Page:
Paper Towns is a beautifully written and absorbing book, written by John Green.
Quentin Jacobson has spent his whole life loving the adventurous and sometimes puzzling Margo Roth Spiegelman from a distance. When Margo jumps back into Q’s life – through a window and dressed like a ninja with a clever idea for revenge – he follows.
But after their all-nighter, Q arrives at school to find that he doesn’t actually know Margo like he thought he did. She had always been an enigma, but now she was a complete mystery. Soon Q realises that there are clues meant for him to find. He is urged to follow this disconnected path but the closer he gets, the less Q sees of the girl he thought he knew…
I really enjoyed reading Paper Towns and my favourite thing about it would definitely be the characters. I’ve fallen in love with every book I’ve read by John Green because the characters seem so real and are relatable. I love how John creates characters that are intricate delicately woven together. No characters are one-dimensional and they all have their faults and their differences. I was intrigued in the plot and I was so curious as to what was going to happen. I didn’t love the storyline, but that was okay because the characters complimented the plot and they fit perfectly together. The writing was really amusing and I loved the conversations the characters had. Like in the other books by John Green, this story was full of metaphors and I loved the beautiful and poetic descriptions throughout the pages.
I’m going to start off by talking about Margo. I didn’t really know where I stood with her. She could either be nice, completely rude or make you want to run and hide. Sometimes it was all three at once. At the start of the book, I liked her. She seemed like a fun person to be around, if not a little crazy. I enjoyed seeing her interact with Q and I loved their conversations. One of my favourite parts of the book was when she and Q were out at night. That part of the book was really thrilling to read and I couldn’t take my eyes off the pages. It was fascinating to see how far Q would go to impress this girl. I’m not completely sure why he liked her so much, but I guess that’s like life. Sometimes you can’t choose who you fall in love with; love chooses you.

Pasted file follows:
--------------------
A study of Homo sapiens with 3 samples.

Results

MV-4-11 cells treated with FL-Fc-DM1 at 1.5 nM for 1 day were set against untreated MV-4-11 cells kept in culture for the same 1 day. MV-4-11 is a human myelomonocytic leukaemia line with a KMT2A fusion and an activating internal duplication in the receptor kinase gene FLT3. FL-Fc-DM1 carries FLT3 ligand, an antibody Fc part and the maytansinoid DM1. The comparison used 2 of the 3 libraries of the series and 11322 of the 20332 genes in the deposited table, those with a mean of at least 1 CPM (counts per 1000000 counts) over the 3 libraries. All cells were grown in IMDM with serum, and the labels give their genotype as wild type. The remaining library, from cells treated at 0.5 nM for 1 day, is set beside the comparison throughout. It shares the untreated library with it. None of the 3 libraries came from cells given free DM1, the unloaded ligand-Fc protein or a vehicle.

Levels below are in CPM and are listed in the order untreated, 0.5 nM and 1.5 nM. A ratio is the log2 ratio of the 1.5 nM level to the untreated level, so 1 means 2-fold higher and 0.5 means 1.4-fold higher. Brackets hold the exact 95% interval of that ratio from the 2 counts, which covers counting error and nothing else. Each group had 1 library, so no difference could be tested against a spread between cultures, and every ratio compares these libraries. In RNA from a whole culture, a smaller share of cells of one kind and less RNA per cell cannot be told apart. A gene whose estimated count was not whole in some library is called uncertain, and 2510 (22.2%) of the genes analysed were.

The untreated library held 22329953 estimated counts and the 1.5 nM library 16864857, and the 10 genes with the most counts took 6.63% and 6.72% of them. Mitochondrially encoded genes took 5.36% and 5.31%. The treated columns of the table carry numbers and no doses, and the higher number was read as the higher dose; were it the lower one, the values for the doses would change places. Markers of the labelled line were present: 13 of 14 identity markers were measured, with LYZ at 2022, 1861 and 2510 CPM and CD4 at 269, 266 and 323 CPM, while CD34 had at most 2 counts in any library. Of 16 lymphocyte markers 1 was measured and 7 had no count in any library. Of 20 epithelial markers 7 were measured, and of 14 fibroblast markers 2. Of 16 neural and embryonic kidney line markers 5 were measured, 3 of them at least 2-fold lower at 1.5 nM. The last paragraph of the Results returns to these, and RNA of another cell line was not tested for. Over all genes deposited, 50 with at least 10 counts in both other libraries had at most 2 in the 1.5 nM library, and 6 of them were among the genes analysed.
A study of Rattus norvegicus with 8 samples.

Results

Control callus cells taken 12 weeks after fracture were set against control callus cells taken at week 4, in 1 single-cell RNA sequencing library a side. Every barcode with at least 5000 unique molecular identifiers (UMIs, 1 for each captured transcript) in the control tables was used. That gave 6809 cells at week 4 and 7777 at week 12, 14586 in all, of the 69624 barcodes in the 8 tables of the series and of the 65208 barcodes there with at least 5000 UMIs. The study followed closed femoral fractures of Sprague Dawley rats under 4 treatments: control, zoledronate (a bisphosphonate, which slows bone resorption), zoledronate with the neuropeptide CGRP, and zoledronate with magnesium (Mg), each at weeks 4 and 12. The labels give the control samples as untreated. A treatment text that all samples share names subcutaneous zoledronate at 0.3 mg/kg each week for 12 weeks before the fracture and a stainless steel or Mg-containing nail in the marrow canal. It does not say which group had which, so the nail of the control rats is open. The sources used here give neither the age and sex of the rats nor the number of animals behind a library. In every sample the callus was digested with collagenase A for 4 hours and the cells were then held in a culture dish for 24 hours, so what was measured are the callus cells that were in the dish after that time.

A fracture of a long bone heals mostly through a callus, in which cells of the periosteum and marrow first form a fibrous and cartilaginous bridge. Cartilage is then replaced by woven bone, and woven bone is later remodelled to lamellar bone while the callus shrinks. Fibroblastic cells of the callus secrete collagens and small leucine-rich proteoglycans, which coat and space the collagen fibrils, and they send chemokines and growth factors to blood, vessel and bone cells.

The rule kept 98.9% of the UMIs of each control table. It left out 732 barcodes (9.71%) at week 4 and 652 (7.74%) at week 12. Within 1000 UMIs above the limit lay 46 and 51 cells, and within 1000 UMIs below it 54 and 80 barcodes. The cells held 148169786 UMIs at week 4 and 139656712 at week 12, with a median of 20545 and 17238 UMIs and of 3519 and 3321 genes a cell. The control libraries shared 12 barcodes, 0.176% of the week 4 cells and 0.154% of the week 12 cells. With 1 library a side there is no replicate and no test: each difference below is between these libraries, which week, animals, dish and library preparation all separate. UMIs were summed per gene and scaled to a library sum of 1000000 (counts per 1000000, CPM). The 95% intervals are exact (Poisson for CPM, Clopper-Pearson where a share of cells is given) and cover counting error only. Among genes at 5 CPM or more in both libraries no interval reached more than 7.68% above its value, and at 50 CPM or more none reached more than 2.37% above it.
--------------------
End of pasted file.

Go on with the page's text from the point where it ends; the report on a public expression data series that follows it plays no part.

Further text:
Q was a really interesting character to read about. I loved the way he thought about things and his determination was one of my favourite things about him. Although he could come across as a bit of a scaredy-cat sometimes, he’s willing to do anything for his friends and to impress Margo. I really liked Q’s personality and the way him and his friends talked to each other. They conversations they had were hilarious and I laughed out loud on numerous occasions while reading. I completely loved all of the other characters in the book, no matter how minor they were. Each character seemed vibrant and alive, which is what made this book really stand out for me.
The middle part of the book didn’t fascinate me, but I was definitely interested in what was going to happen in the end. The thing I liked about the middle section of this book was finding the clues. I can’t really say any more than that without spoiling it, but it was interesting to see what clues and hints were left behind. I got a little tired of the prom talk after a while and I became impatient towards the end. Surprisingly, I really liked the ending. I expected it to be much more momentous than it was, but I loved it anyway. I was holding out for the big finish and although I felt a little let down, the ending this book has is very reflective of life. Some parts of out lives don’t have definite endings and with the ending of Paper Towns, it gives us space to wonder about the future of these characters. And I have to say, I loved the metaphors at the end of the book and I really want to play Metaphysical Eye-Spy now!
This book is so real and so relatable. I completely love John’s writing and fall in love with the characters he writes. I loved the journeys these characters went on, both physically and emotionally. This book gets you to think about the idea of a person, compared to the person they really are, because it’s unfair to presume things of someone when you don’t truly understand who they are. I really enjoyed reading Paper Towns by John Green and I’d give it a score of 8 out of 10. If you loved Looking for Alaska and An Abundance of Katherines, I definitely recommend this book!